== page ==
Last week, Mariah Carey finally released her remix of “A No No,” one of her latest singles from her 15th studio album “Caution.” The song features British rapper Stefflon Don and is rumored to hint at feelings of aggression towards Stella Bulochnikov, Carey’s former manager, who split from the songstress after their relationship “was no longer beneficial,” according to Variety. While the original version received positive reviews all around, fans have expressed frustration due to a misconception that Lil’ Kim and Cardi B were supposed to be featured on the new track. But after the new British artist was given a chance, ratings have begun to increase.
Like the majority of Caution’s hits, “A No No” is dark and revealing, giving subtle excerpts on Carey’s life, including past and present struggles. It samples Lil’ Kim’s 1997 single “Crush on You,” even incorporating Notorious B.I.G.’s refrain, though faster in tempo. Unlike her earlier songs, which feature a wide use of vocabulary, Carey sings more colloquially here, explaining how she won’t give any more attention to someone who has wronged her. While the chorus repeats the same line “I said no, no,” she plays around with phrasings to make a simple yet catchy melody.
Stefflon’s part, on the other hand, is a little more explicit. She raps about the same sentiment of being judged but also uses the solo to advocate her strength as a woman and artist. That said, while her verse does fit within the vibe of the song, the remix seems largely copy and paste, without many new elements aside from small harmonies made from Stefflon. The two artists were unable to collaborate in the same studio, which may partly explain why the innovations are limited but given Carey’s previous history with remixes, I was left underwhelmed. Alternative versions of hits like “My All” and “We Belong Together” feature differences in articulation, tempo, and to some extent, genre, which all remain absent in “A No No” remix.
It’s not quite clear why this song needed a remix, however, as the original version thrives as is. Carey’s previous remixes built on R&B and pop songs, but “A No No” is predominantly hip-hop and doesn’t feature intense melisma that would be better accompanied with a secondary rap vocal part. The only song in the “Caution” album that features Carey’s technical skills is “Portrait,” but given its rather emotional nature, I don’t think a rap part would be appropriate.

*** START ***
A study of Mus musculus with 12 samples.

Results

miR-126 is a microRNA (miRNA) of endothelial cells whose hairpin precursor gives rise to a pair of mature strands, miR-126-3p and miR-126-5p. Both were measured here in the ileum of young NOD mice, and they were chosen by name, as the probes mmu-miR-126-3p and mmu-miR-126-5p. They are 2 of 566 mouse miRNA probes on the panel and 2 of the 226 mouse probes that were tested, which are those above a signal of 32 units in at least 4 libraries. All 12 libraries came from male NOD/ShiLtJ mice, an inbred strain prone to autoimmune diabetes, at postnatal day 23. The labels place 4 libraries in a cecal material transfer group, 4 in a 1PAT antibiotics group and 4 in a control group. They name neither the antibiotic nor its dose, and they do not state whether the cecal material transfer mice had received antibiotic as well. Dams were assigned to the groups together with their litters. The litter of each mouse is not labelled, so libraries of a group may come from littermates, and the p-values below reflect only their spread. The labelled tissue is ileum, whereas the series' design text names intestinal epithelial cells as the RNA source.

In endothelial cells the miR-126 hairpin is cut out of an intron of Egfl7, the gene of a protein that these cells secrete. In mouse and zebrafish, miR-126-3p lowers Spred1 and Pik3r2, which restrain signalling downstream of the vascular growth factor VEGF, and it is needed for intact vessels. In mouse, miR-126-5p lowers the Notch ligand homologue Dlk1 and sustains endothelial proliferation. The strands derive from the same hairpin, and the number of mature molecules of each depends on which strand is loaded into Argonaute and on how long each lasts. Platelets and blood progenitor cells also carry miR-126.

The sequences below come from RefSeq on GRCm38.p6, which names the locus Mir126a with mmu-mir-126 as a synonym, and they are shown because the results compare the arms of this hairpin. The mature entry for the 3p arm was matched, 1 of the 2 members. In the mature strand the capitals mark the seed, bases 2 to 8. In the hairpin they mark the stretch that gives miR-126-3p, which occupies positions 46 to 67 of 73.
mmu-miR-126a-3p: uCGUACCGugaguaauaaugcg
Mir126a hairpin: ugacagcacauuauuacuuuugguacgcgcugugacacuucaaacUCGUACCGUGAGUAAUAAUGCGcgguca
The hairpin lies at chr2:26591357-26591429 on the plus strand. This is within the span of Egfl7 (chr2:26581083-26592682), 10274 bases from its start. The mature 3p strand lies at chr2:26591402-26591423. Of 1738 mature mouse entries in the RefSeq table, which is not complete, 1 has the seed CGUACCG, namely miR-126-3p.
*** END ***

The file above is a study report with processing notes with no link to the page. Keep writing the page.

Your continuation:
Nonetheless, with 18 Billboard Hot 100 singles and a vast array of awards accumulating over nearly three decades, Carey’s success in the music industry is unbelievable. However, one must notice her rather peculiar evolution in genres. The innocent gospel ballads that dominated her debut albums seem a far cry from the dark R&B/hip hop collaborations she now presents, but in light of creative restraints imposed by former husband Tommy Mottola, a change in style ought to be expected once given complete songwriting freedom. That said, while Carey’s album does present her character in a new light, her everlasting attempts to stay at the top of the music game seem questionable.
As a fan of her music myself, I believe her ’90s and early 2000s albums showcase the best of her vocal ability, but her more recent albums seem contrived, expressive in lyrics but tight in execution. There are multiple factors to this, as her vocal nodules have been inhibiting her voice for years, but still, the changes in style are noticeably incongruous.
It appears she is facing a dilemma: To stick with her older hits and maintain her now adult fan base or continue developing new songs to appeal to a younger audience, risking some criticism in the process. Considering “All I Want For Christmas Is You” reached No. 3 on the Hot 100 this past December, a record high after 24 years, there is no doubt that Carey won’t be leaving the public eye anytime soon. Likewise, with a $500 million net worth, any further songs could be solely recreational, and her personal life would be unaffected.
If I were her, I would limit song production to singles going forth and dedicate more time with other pursuits. Her songwriting skills could effectively translate to poetry writing, where she could make her mark in another sphere of influence.
Evidently, there are multiple pathways to follow, and I hope Carey considers expanding her career in the future. While her “Caution” album may not be the strongest in her discography, she will always reign as one of the top singers and songwriters in music history. I look forward to see what she pursues next.